Right now, scientists at two biotechnology startups — California-based Calysta Inc. and a company in India called String Bio — have succeeded in producing beef-like products from methane, which is emitted from landfills, farms and oil and gas extraction.  

According to Bloomberg, the researchers start with a liquid containing methane and feed it to bacteria found in soil. This triggers a fermentation process, but instead of producing alcohol, protein is released into the water. This protein is then dried into a brown powder that is already being used to make animal feed.

The companies are now hoping to harness the technology to make food fit for human consumption. String Bio has so far won $200,000 in financial backing from the Indian government. Calysta has received about $40 million in funding from several major investors, including Cargill Inc. and Mitsui & Co.

Methane comprises 10 percent of all U.S. greenhouse gas emissions, but is 86 times more potent than carbon dioxide over a 20 year period.

String Bio says it is able to source methane that’s captured at landfills, farms and sewage plants, but that it may have to also produce biogas methane to supplement its supply. For now, the company is only producing a few kilograms a month at a pilot plant, but it is looking for investors to help commercialize its operations.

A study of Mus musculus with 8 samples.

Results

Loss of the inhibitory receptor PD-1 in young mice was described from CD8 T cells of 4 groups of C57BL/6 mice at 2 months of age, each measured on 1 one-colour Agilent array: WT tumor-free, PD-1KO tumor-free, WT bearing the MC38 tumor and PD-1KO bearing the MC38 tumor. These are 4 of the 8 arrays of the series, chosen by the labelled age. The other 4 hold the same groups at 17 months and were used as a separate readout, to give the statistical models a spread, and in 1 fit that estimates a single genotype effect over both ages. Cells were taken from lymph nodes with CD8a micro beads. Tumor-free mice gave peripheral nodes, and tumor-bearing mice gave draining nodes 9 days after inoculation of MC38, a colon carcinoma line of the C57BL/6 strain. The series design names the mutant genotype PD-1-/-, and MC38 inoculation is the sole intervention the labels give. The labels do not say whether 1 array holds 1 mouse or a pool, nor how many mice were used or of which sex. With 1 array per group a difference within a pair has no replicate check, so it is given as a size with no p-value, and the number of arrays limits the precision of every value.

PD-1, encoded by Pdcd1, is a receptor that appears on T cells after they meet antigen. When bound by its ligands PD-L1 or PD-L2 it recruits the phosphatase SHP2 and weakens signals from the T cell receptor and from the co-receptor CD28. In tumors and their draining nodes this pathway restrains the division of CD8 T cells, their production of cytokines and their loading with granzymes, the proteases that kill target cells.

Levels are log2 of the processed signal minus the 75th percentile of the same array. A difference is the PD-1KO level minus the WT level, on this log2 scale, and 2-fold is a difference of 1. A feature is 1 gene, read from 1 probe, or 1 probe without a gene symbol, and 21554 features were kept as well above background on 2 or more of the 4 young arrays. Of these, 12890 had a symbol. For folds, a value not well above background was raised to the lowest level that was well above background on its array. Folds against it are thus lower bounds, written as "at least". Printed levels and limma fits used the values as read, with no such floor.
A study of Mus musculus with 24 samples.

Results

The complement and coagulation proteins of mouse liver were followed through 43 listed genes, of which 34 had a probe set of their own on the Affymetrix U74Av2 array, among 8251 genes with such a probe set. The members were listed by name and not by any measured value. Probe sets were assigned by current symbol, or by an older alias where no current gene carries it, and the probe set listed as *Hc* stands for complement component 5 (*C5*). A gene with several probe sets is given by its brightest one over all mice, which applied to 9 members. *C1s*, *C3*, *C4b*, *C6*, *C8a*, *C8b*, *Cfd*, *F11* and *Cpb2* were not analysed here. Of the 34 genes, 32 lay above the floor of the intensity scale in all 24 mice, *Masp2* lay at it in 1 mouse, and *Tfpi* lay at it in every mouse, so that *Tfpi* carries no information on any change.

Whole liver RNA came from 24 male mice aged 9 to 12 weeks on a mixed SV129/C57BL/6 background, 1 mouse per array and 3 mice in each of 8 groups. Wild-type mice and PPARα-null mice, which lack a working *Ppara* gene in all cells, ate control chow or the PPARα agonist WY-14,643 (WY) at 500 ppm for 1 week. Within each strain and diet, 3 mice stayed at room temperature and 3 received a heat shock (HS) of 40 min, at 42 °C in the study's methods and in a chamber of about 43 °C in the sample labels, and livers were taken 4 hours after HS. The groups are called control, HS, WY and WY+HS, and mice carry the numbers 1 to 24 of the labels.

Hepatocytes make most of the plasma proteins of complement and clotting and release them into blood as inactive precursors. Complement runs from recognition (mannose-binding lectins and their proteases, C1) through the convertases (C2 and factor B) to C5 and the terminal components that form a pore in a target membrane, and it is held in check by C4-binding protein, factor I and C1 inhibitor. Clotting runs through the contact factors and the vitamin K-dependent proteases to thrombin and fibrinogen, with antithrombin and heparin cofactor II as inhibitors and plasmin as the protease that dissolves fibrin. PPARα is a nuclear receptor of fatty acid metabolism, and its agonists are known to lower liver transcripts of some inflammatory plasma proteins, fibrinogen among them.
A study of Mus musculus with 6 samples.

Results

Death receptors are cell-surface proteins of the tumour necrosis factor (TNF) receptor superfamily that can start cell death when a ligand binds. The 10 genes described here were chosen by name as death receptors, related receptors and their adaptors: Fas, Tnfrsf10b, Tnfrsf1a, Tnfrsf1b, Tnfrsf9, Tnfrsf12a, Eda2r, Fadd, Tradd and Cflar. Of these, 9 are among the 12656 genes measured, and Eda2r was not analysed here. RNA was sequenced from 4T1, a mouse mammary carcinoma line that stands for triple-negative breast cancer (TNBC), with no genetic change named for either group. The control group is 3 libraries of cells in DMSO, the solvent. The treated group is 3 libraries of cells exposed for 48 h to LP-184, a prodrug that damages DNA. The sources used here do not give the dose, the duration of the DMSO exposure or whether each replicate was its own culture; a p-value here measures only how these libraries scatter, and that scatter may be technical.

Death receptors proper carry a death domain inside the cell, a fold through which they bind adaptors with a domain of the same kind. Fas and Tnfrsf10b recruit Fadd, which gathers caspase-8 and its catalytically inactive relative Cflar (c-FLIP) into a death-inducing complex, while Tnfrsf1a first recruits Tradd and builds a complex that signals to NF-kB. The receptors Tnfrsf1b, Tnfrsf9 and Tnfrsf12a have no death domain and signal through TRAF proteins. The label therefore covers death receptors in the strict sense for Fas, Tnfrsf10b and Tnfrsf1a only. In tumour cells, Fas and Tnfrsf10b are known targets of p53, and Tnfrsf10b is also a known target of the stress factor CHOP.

Calysta is already in the midst of constructing a commercial-grade plant in Tennessee. The $500-million facility is slated to begin producing 200,000 metric tons of edible protein a year when it reaches full capacity. The company plans to bring the plant online in 2019.

Because natural gas prices in the U.S. have remained depressed, the economics for Calysta’s facility, which will use natural gas as a feedstock, are making it a more favorable option than the cost of producing other proteins.

As for the taste?  

According to one of the co-founders String Bio, it’s not far from tofu or a “steak-like” product. But she admitted to Bloomberg that they’ll be partnering with chefs to find the best ways to serve it up.